Fantasy Gaming Sites Get Competitive

Fantasy football season is coming, and it seems the fanatics who play these games are not the only ones looking for a winning season. Two top fantasy gaming sites, and, have kicked off the fantasy football draft season with aggressive marketing efforts.

CBSSportsline made a marketing splash last week by announcing that John Elway will be the site's spokesman for fantasy football season. He will be featured in television and radio commercials as well as write a monthly column and participate in online chats.

While signing the future Hall of Fame quarterback is a coup for the site, its biggest marketing push began last month when it announced that the service — which previously was $100 for a league of up to 20 players or $19.95 per player — would be free.

CBSSportsline is expected to announce another new feature today. It has formed a strategic alliance with Internet telephony provider and site sponsor that will allow players to communicate PC to phone or PC to PC.

“We're interested in things that will help enhance the site for the consumer. The idea is to make the experience on the site even more interactive,” said Kathy Bradley, spokeswoman at CBSSportsline, Fort Lauderdale, FL.

There was speculation that the site stopped charging because competitor offers similar games for free, but Bradley said this was not the case.

“The decision was based on the fact that this gives us an opportunity to reach more users,” she said. “This creates a stronger advertising platform.”

Sandbox, the self-proclaimed No. 1 gaming site, sees this move as an interesting one. “Sportsline took the free route this year because they realize they can attract a much wider audience and generate larger marketing and advertising revenue by offering the free game,” said Mike Sweeney, director of marketing at Sandbox, Reston, VA. “We're still No. 1 in the space, but they're definitely a threat.”

Sandbox has invested $1 million in marketing its fantasy football games this season. Its radio and print efforts will launch Aug. 14. Ads will appear on national radio and in print in ESPN: The Magazine, The Sporting News and a variety of fantasy football magazines. Online, it is running 150 million banner ad impressions.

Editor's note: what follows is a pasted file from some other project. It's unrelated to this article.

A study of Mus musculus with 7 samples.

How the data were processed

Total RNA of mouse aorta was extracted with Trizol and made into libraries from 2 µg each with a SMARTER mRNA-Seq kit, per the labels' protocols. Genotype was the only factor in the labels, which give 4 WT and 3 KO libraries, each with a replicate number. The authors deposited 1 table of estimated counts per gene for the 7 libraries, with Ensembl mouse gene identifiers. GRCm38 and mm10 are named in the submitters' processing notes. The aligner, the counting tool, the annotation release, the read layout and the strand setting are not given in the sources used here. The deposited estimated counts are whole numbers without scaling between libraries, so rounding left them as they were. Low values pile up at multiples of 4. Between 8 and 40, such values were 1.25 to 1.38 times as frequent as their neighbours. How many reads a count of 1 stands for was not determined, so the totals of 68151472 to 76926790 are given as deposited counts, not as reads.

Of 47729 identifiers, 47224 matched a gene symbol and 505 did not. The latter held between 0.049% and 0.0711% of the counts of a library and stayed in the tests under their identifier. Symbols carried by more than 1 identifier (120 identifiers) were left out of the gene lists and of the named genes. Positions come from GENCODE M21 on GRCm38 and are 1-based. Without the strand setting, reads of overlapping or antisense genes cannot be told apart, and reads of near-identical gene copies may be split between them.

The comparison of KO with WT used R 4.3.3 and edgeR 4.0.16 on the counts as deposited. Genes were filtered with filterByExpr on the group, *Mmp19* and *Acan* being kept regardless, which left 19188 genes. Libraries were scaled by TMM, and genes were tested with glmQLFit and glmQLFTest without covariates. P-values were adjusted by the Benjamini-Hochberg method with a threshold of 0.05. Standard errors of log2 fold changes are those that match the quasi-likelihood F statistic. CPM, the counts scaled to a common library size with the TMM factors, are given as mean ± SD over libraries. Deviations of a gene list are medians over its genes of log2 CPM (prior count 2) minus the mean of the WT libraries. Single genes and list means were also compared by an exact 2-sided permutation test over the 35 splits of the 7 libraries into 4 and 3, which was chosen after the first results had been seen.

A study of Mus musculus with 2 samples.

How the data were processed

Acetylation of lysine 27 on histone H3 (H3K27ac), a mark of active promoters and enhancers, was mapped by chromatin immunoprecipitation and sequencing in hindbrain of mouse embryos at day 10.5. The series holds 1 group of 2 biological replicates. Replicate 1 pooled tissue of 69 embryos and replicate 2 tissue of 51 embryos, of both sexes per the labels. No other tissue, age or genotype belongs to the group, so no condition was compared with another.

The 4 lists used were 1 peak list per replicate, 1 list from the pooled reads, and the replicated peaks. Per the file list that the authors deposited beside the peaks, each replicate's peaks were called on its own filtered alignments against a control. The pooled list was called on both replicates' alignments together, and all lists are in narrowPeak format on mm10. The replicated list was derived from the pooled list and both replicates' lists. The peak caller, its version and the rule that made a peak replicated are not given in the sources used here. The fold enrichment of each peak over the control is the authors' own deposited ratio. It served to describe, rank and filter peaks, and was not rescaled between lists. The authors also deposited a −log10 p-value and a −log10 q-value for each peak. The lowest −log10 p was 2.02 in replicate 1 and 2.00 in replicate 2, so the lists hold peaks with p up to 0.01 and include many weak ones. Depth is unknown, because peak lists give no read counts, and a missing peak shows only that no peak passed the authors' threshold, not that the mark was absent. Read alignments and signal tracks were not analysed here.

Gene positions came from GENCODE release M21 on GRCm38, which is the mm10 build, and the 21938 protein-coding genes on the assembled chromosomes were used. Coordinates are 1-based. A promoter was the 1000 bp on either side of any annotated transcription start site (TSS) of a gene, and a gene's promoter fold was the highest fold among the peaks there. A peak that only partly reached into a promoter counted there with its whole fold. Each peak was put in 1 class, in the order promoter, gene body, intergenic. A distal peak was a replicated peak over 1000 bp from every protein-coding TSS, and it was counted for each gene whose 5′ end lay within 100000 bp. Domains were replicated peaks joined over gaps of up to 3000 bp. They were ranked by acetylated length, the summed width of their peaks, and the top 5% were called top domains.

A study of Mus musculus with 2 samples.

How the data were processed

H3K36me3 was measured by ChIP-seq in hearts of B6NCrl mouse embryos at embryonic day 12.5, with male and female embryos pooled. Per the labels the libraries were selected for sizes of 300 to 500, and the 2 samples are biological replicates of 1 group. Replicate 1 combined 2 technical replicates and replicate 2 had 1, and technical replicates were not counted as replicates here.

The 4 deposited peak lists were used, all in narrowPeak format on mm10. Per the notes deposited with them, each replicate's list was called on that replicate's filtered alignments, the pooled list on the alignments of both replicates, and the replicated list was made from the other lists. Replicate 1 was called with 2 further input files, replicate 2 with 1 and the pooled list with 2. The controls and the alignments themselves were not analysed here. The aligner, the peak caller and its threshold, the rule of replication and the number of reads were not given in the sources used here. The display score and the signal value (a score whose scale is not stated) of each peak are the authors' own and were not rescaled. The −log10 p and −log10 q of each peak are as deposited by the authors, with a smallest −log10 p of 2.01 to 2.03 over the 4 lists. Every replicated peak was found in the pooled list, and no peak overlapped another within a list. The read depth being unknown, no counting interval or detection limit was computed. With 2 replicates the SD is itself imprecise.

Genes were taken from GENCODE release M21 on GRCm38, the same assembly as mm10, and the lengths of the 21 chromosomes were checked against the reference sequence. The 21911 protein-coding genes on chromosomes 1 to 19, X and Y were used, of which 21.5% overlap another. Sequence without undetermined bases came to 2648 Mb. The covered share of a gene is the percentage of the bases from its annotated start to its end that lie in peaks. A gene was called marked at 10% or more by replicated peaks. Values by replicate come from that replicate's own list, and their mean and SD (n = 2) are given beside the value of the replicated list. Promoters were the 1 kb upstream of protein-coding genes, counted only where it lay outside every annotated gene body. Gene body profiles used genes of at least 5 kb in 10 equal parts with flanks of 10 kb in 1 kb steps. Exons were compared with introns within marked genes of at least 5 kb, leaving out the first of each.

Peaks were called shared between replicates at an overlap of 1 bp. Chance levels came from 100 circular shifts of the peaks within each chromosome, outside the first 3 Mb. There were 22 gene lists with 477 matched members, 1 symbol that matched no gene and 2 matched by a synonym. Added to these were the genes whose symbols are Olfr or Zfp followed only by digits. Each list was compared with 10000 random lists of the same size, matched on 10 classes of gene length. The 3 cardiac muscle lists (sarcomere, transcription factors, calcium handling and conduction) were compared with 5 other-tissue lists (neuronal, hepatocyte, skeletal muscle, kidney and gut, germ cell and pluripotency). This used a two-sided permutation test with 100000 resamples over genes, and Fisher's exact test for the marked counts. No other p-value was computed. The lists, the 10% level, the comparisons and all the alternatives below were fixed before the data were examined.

The site also will host a number of promotions. Its Coaches Clipboard contest will give $1 million to the person who picks the best performers at each position. Its Pro Picks competition will give $100,000 weekly to the person who picks the winners of all of the week's NFL games correctly.

Why are these sites going all out to attract the largest audience? Because advertisers are eager to reach fantasy football players: typically age 18 to 54, well-educated and in a high income bracket. What's more, they generally check their fantasy site of choice dozens of times each week, Bradley said.

“It's an attractive audience,” she said. “And they check the site frequently. In our case, our statistics update instantly so a player will keep coming back to the site to see how many receptions Jerry Rice had and for how many yards.”

Sandbox has 4 million players of its fantasy games, which include baseball, basketball and other leagues. It said more than 500,000 members took part in fantasy football. CBSSportsline had 400,000 fantasy football players last year, although Bradley expects this number to “dramatically escalate” because of the free offer.

She also said Sandbox's member count sounded “suspect” and cited May's Media Metrix results. “We had 4.2 million unique visitors for the month of May. Sandbox had 1.2 million,” she said.